Chervil has fine, feathery, light green leaves on a slender stem. It is closely related to parsley and is also called French parsley. It has a delicate, buttery liquorice flavour that is warm, sweet and mildly nutty.
Chervil is part of the traditional French fines herbes, along with parsley, tarragon and chives. This delightful, aromatic blend is best suited to mild foods such as sauces, infused butters, vegetables, eggs, fish, and white meats. Chervil has a delicate flavour that agrees with salmon, trout, asparagus, new potatoes, green beans, baby carrots, light salads and other spring vegetables. The flavour can be easily lost, so it should be added at the end of cooking. It can be preserved in white vinegar.
Chervil is a gentle, warming herb, good for improving digestion. It is thought to reduce blood pressure and a tea made from the leaves was traditionally used as an eyewash. Eating a whole Chervil plant was once common as a way to relieve hiccoughs, and is still used today in some places.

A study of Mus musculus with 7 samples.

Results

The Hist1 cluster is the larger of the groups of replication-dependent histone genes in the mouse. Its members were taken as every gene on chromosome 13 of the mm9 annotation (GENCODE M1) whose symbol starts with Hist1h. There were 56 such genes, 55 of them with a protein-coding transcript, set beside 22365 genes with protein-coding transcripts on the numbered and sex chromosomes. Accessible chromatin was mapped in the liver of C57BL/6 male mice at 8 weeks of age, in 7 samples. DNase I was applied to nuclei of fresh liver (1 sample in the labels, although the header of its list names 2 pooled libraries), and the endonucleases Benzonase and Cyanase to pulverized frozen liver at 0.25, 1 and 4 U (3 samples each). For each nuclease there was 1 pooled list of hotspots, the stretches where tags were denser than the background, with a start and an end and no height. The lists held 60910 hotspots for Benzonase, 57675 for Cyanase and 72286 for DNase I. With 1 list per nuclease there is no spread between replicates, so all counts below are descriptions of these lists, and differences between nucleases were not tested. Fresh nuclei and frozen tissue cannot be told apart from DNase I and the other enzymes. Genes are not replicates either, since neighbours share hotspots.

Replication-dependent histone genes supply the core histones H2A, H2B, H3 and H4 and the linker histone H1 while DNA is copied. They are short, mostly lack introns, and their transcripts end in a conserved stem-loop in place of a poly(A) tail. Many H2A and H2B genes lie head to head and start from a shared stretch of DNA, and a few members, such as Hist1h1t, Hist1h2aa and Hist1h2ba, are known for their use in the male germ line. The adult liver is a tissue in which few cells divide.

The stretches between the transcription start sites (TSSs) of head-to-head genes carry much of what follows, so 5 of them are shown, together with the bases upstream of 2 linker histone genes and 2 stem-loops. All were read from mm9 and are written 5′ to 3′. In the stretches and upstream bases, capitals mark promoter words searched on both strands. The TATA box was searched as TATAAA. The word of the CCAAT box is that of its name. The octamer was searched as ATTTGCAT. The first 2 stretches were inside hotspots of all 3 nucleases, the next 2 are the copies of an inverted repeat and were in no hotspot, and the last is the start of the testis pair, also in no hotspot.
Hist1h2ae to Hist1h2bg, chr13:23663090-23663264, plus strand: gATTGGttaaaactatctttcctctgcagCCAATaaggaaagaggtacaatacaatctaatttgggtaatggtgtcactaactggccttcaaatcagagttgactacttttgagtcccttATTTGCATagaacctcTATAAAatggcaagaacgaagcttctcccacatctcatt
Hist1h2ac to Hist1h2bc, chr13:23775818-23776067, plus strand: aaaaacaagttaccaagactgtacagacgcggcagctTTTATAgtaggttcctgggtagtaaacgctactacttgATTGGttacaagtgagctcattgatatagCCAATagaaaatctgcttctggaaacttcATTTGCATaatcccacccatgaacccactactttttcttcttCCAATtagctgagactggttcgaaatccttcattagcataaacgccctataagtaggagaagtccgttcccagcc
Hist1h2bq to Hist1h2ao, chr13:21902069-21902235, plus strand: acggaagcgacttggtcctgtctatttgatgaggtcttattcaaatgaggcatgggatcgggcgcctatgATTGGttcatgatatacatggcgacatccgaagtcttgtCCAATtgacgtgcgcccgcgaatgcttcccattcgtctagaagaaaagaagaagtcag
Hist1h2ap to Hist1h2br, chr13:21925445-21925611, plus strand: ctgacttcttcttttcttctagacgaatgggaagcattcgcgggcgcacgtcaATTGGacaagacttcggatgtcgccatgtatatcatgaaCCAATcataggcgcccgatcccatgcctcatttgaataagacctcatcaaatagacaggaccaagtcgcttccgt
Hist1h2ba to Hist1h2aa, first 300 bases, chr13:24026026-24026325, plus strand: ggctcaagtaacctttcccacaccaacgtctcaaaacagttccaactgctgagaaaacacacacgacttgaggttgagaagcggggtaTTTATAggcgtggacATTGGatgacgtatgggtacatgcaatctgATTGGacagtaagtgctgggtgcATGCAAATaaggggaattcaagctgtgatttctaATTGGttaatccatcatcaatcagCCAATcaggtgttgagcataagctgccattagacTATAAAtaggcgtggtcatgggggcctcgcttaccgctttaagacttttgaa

Store in the fridge in the vegetable drawer in original punnet. Use within two days of opening. It can also be frozen by roughly chopping and placing in a zip-lock bag, as is or with olive oil added. Flatten the contents of the bag to make it easy to break into portions. Freeze overnight. An ice cube tray can also be used by pouring a little water or olive oil over the chopped herbs inside the tray.
Culture and History
Chervil is native to Western Europe and Eastern Asia, and was carried to the Mediterranean centuries ago, where it quickly became a favourite in French cuisine. The volatile oil is similar to Myrrh, which gave it the alternative name myrris in the ancient world, and linked it to the Christian Easter festival. In some parts of Europe the tradition remains to serve chervil soup on Holy Thursday.